Everyone has experienced moments where life can be busy and hectic. Between the demands of work and home, we all can feel the effects of stress on our bodies and our well-being.

When our bodies and minds perceive stress, we release a series of stress hormones (namely, adrenaline, norepinephrine, and cortisol) to create the fight-flight-or-freeze response. Although this is healthy response in true life-threatening situations, when these stress hormones are chronically elevated, they can wreak havoc on our bodies, and can make the management of diabetes more challenging. Stress hormones cause blood sugars to rise, which is particularly impactful for those with diabetes.

managing stress while managing diabetes

When we’re stressed, our blood sugar levels rise to create a response to a perceived threat (i.e., a situation where you might need extra energy).  For those without diabetes, this spike in blood sugar during stressful times is kept under control through normal body mechanisms. However, many people with diabetes do not have the same protective mechanisms in place, so blood sugar can remain elevated in an unhealthy manner during times of stress.

Although life stresses can pull us in different directions and leave us feeling wrung out, there are some simple and effective techniques that anyone can do to reduce their stress levels.

Pay Attention to your Breath

When our bodies are under stress, we tend to breathe in short, shallow gulps; we are usually not even aware that we are doing this. Shallow (chest) breathing keeps the nervous system aroused and keeps one in a fight-flight-or-freeze mode.  Deep (belly) breathing is one of the most effective ways to relax the body. When we breathe deeply, our brain sends a message to the body to relax.  The next time you are feeling stressed, consciously shift your attention to your breath and take long, slow breaths into the belly – this balances the nervous system and is one of the fastest ways to reduce stress in the body.

Eat a Healthy Diet with Regular Meals

Maintaining ongoing nourishment is one of the best defenses against stress. It is important to eat regularly and not skip meals.  For those with diabetes, irregular eating can create wider fluctuations in blood sugar levels and creates a physical stress to the body. Spreading out foods, particularly those with carbohydrates, throughout each day can help maintain steady blood sugar levels.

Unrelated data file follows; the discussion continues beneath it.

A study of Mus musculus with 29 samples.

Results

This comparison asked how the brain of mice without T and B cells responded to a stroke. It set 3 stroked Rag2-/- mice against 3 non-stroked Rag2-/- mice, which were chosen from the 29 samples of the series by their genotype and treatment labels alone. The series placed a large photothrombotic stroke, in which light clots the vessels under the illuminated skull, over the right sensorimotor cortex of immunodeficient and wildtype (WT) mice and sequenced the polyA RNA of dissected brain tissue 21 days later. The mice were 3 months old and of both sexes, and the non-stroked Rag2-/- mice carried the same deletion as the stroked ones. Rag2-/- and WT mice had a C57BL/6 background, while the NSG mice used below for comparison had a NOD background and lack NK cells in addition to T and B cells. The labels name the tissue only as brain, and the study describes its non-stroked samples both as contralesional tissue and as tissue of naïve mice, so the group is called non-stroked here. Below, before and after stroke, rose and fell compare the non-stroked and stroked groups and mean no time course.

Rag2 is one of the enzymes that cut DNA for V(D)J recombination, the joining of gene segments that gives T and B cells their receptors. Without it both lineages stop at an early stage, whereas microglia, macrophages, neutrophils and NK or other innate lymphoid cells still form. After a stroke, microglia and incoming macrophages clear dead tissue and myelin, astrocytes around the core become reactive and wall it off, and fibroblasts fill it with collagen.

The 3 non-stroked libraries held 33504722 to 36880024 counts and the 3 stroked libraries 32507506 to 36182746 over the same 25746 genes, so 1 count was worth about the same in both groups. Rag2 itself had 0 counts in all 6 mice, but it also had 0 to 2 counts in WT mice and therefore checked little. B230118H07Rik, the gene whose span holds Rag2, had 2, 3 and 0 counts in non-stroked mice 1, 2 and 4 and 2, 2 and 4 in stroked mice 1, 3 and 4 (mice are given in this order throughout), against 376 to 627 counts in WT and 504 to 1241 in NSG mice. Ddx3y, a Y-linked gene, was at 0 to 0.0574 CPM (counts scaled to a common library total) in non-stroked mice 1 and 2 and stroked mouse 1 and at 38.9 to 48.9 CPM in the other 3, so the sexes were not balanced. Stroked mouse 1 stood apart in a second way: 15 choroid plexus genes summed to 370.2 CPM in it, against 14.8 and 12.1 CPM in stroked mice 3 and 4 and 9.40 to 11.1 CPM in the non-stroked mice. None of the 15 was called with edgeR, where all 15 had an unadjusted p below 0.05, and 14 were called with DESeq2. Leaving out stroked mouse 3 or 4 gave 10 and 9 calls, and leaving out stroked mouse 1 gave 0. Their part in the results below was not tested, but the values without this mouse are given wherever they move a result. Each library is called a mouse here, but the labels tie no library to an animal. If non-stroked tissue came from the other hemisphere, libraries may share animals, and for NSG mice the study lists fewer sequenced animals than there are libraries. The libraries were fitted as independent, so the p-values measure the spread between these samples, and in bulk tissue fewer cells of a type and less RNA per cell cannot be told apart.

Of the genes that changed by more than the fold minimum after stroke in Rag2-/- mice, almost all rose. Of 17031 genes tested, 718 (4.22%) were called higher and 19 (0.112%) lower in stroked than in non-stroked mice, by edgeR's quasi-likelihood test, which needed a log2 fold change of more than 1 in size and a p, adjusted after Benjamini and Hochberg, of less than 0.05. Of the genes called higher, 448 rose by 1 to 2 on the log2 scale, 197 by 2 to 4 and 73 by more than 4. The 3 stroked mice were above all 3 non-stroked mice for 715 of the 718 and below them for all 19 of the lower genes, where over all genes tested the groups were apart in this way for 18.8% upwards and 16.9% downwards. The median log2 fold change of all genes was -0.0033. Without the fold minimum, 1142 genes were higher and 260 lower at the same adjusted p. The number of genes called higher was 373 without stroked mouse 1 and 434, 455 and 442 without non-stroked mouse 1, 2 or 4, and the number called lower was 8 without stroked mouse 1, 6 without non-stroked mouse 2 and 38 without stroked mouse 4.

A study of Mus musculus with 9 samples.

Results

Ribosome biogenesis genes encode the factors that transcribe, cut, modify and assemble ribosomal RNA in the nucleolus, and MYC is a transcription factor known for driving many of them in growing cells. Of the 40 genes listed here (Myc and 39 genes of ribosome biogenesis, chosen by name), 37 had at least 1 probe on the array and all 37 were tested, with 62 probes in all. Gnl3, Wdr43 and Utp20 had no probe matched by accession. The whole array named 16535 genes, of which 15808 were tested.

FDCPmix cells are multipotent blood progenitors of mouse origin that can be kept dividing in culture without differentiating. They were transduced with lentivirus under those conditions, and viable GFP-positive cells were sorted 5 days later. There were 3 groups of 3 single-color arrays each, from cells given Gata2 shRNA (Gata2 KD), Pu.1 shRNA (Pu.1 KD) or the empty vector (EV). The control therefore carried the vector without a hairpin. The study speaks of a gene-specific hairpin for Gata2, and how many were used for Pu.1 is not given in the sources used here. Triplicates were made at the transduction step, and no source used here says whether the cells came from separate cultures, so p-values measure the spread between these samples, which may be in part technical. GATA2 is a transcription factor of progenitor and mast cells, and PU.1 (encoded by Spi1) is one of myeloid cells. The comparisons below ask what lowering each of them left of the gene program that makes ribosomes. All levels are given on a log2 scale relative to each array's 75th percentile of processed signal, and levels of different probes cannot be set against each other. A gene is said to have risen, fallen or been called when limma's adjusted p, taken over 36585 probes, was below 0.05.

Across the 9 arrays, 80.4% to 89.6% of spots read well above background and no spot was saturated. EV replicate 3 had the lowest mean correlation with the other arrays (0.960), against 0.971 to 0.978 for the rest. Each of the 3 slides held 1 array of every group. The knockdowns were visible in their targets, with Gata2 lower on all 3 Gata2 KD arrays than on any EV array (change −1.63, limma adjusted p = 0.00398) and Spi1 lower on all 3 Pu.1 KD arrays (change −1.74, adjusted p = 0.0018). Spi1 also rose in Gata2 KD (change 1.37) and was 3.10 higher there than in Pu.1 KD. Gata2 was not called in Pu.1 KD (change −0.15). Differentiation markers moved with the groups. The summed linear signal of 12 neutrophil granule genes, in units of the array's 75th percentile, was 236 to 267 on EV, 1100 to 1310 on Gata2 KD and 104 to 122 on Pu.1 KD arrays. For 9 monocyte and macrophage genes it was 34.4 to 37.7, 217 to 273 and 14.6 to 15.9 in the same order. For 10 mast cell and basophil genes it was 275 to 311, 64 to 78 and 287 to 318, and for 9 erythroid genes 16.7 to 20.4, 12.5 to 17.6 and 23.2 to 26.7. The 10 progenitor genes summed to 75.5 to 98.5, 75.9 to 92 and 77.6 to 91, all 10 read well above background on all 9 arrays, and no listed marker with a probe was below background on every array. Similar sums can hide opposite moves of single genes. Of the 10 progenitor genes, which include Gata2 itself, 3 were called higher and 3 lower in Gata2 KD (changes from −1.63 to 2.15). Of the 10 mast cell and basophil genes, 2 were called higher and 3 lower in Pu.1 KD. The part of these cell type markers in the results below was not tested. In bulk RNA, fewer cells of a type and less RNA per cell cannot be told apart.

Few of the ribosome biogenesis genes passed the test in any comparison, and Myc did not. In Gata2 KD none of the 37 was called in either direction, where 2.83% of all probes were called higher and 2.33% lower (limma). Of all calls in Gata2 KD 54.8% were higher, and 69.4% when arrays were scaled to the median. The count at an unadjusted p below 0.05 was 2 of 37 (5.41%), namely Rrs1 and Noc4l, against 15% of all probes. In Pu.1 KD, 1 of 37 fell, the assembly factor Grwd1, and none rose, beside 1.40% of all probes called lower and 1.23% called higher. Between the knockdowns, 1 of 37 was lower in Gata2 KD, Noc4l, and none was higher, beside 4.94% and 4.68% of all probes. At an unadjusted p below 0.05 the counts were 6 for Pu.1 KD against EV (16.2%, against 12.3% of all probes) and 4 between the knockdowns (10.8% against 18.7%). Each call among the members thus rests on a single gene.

Consider an Insulin Pump

For those with insulin-dependent diabetes, there can be the added stressor of regularly monitoring and maintaining blood sugar levels throughout the day, while also trying to regulate insulin needs accurately. The stress hormones adrenaline and cortisol can negatively impact the daily regulation of balancing blood sugars, carbohydrate intake, and insulin needs. Using a device such as an insulin pump means more time enjoying life, and less time worrying about managing your diabetes. The pump allows for insulin to be released in ways specific to your unique biological needs and your dietary intake. An insulin pump can be a very helpful tool to ease the management of diabetes. Pumps like the t:slim® Insulin Pump are very easy to use, with a simple to use touch screen, just like a smart phone.

Get Regular Exercise

Physical activity helps increases production of endorphins, the “feel good” chemicals in the body. Exercise has been proven to improve your mood, and even alleviate depression and anxiety. For those with diabetes, regular exercise helps to keep blood sugars low. For those who are insulin-dependent, an insulin pump can help to regulate the balance of insulin that is needed during and after exercise.

Laugh more!

Studies have shown that laughter stimulates your body in positive ways, by increasing endorphins and lowering stress hormones in the body. Besides, who doesn’t enjoy a good belly laugh?

While no one is immune to stress, what we can control is our response to the stressors in our lives. For those with diabetes, regulating the stress response is particularly important, since stress can affect blood sugar and insulin levels in negative ways. However, routinely applying stress-reducing techniques and tools can optimize your health, and keep your body happy and relaxed.

Oftentimes, stress comes from trying to control circumstances beyond our control. Since diabetes is largely a “self-managed” condition, your health is truly in your hands! Making a commitment to reduce and manage stress is a healthy commitment to yourself and to your body.